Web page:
Nov 05 2012

The Kudzu of Our Lives

Published by Kathy at 7:00 am under General

Despite all the gloom and doom in the news reports, Hurricane Sandy didn’t have much of an effect on Planet Kathy. We got a little rain (well, we got a lot of rain) and a little wind, but not enough wind to excite our wind chime. For us, Sandy was pretty much a non-event, and I’m glad about that.

The big effect we saw was that before the hurricane, we were enjoying a lovely autumn. The East Coast does autumn well, and we really enjoy driving around and clapping for the trees that have gone all out to make our world beautiful.

After the hurricane — well, let’s just say that autumn is gone, and everything is barren and bare. The wind may not have been strong enough to inspire our wind chime, but it was certainly strong enough to denude the trees of their autumn foliage. It almost looks like January around here, except that the trees that hadn’t started turning yet still have their green leaves.  Thanks to those late-turners, we may yet have Autumn:  The Sequel.

When we were driving to the temple for our post-hurricane temple assignment, we were dismayed to see the change. The saddest part was seeing the kudzu, that evil vine that is choking out all the vegetation around here.

The thing about kudzu is that it swallows everything. If you look at kudzu from afar at the end of summer or the beginning of autumn, it looks like a healthy stand of vegetation. Here’s a picture:

Look at this pretty green scene, taken near Dahlonega, Georgia on October 3 by a person I can’t credit because there wasn’t a name on the internet.

It is only when the leaves fall that you see what a menace that kudzu really is:

Here is the same picture, taken on March 4. Who knew there was a house under there? All the trees behind it are covered in kudzu vines, too.

Here’s another picture of kudzu in the winter, featuring another engulfed house. See how the vines have taken over the entire landscape:

This was taken by a guy named Randy Cyr, somewhere in North Carolina.

All winter long, I fantasize about being a giant. I’d like to walk the entire Eastern Seaboard and pull that stupid kudzu up by the roots. I curse the day that a homesick Japanese person planted the noxious vine in the United States, because it has taken over our otherwise beautiful landscape.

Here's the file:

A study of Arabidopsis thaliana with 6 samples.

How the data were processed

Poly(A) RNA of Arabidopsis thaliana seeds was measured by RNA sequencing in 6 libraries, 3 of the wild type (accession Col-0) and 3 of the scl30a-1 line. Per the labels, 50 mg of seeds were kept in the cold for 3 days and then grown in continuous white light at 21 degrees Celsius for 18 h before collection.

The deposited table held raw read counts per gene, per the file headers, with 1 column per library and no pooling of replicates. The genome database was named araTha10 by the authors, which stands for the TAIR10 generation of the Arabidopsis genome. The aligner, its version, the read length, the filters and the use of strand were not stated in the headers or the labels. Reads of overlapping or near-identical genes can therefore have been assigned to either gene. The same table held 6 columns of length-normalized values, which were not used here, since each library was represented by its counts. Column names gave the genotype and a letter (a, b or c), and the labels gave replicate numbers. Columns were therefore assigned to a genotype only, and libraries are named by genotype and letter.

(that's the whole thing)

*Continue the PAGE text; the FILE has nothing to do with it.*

Kudzu gets its tentacles everywhere. It doesn’t just swallow up abandoned houses. It engulfs fences and gates and anything it comes upon that can’t outrun it. It covers shrubbery and trees and eventually kills them because it steals all their light. Once the bushes and trees are dead, the kudzu thrives even more because it uses the soil that was formerly used by the bushes and the trees. It grows like crazy.

Every winter, as I look at the devastation caused by kudzu, I think about the pervasiveness of that plant. To the casual observer, everything looks green and healthy — at least during the summer months. It is only when the leaves fall off that we see how endangered the trees are that are underneath the kudzu. The trees are in a struggle for their very lives. It is a struggle they will eventually lose, because they have been deprived of the light.

Sometimes I think we are fighting similar battles. We allow ourselves to be distracted by kudzu-like menaces in our own lives. Some of those things are vices we know that are wrong — things like pornography. Other vices are a lot more subtle. We may be lured by the siren song of too much television or too much time on the computer, or even too much texting or social media.  It could be a fascination with sports or a favorite team.  One friend of ours threw over everything to be foster mother to dogs, and another abandoned all her friends in an effort to get into the Junior League.

We allow ourselves to be drawn into these artificial worlds at the expense of concentrating on the things that we should. It is only when the winter comes in the form of crises or personal trials that we realize we have been so engulfed by our personal kudzu that we don’t have the emotional or spiritual resources we need to allow us to weather the storm.

Like the kudzu-engulfed trees, we have allowed ourselves to be deprived of the spiritual Light we need — not because of any intentions on our part, but because we haven’t been vigilant. We need to bask in the Light. We need to sink our roots into heavenly soil. We cannot afford to be distracted, because if we do we will not have the resources to withstand the adversity that inevitably is a part of life.

If we see tendrils of spiritual kudzu growing around us, it’s easier to uproot them immediately. If we wait until tomorrow, it may very well be too late.